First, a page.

Volatility and Depreciation in Emerging Market Currencies – Indian rupee

‘Curry in a Hurry’ is an Indian Restaurant on Lexington Avenue in NYC and not a low latency, high frequency trading algo for Rupee….or is it

First Published: e-Forex Magazine 55 / Recent Events / January, 2014

Volatility and Depreciation in Emerging Market Currencies – Indian rupee

 

Thursday 3 October 2013

Such were some of the questions asked at Armourers Hall in October at the City of London’s breakfast roundtable discussion around EMFX and in particular Indian Rupee.

The announcement of tapering in the US has affected emerging markets (EM) currencies this year perhaps far more than expected. Whilst the trading of Indian rupee is still a relatively new development across global forex markets, (which may partly explain the mismatch between the volumes quoted in the Indian press and the actual numbers that some institutions are seeing) its movement this year has for some - been very very profitable.

The RBI has expressed strong concern over the spike in speculative trading that has been seen as a result of Rupee volatility and it is unique in that its the only major EM currency ( with the exception of China ) which is traded in larger volumes offshore than onshore . This makes its NDF markets particularly relevant, and a big headache for the RBI.

For developed markets it may still be possible for central banks to intervene with some success. However there are a large number of factors that determine whether there is enough global market confidence in that institution to intervene. These include the perceived view of the central bank, exchange rate, amount of reserves and how open the country’s capital account is looking. For EMs therefore, central bank intervention is generally not advisable.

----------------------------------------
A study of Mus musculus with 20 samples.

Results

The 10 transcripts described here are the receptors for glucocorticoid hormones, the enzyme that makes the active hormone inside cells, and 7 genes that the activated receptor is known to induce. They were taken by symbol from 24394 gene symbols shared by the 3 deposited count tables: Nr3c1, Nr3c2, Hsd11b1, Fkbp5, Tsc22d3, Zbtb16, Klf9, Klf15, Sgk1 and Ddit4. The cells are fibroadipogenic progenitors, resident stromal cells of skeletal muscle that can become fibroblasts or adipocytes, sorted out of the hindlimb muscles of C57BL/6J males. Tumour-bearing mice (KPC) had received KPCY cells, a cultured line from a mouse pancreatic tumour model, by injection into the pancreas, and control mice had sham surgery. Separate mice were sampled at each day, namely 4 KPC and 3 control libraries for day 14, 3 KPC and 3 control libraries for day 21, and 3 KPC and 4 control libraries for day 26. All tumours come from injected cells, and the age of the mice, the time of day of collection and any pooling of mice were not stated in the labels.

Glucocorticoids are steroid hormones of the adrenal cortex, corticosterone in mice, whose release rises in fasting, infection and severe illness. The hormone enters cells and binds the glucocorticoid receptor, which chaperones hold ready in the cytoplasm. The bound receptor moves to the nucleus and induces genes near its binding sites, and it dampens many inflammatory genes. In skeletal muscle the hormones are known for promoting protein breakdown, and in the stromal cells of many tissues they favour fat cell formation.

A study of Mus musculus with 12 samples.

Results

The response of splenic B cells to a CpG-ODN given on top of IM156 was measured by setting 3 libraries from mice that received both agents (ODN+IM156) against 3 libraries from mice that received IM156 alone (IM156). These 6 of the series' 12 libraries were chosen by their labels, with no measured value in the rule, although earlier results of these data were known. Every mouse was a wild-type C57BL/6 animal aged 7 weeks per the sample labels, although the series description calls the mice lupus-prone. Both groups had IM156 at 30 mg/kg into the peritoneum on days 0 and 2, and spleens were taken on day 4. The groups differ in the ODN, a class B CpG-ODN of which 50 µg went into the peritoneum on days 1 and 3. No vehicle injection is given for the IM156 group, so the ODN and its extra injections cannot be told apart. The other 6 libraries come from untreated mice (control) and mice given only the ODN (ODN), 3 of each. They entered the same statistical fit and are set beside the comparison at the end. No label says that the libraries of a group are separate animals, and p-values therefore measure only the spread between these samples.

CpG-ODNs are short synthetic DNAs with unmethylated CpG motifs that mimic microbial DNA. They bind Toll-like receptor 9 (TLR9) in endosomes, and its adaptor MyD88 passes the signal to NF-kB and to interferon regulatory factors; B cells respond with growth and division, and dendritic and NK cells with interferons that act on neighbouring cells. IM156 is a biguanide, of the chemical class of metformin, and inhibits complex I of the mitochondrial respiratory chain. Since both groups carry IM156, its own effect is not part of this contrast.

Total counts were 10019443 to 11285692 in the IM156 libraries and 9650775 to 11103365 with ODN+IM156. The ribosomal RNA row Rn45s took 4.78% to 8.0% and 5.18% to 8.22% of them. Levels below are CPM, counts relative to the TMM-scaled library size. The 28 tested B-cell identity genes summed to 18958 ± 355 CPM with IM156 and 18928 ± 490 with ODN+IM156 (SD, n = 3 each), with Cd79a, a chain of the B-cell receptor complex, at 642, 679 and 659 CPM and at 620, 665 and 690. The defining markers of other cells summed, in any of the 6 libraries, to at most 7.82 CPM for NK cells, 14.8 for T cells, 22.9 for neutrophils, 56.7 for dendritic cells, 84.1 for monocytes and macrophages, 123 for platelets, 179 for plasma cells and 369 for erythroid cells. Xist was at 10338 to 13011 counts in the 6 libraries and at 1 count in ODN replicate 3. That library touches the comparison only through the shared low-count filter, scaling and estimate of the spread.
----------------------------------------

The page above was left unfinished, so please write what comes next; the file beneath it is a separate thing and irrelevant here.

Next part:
Central bank intervention is risky for even developed countries and, for example the Swiss Central Bank recently, it can be a very costly move. Coordinated central bank intervention is the less risky option. ( this proved successful for Japan in 2011) But where does that leave the RBI?

Conceivably, the upcoming BRICS bank, would give EMs such as India more of a chance of successfully introducing intervention as an effective tool.

It would need to be partnered with deep pocket economies, and if that bank were situated in London…. then that might just change the way the market thinks and trades Rupee. 

The internationalisation of the rupee is on the RBI’s agenda and there is reason to be hopeful given the new RBI Governor’s positive moves towards internationalisation, however at present they are not in a hurry.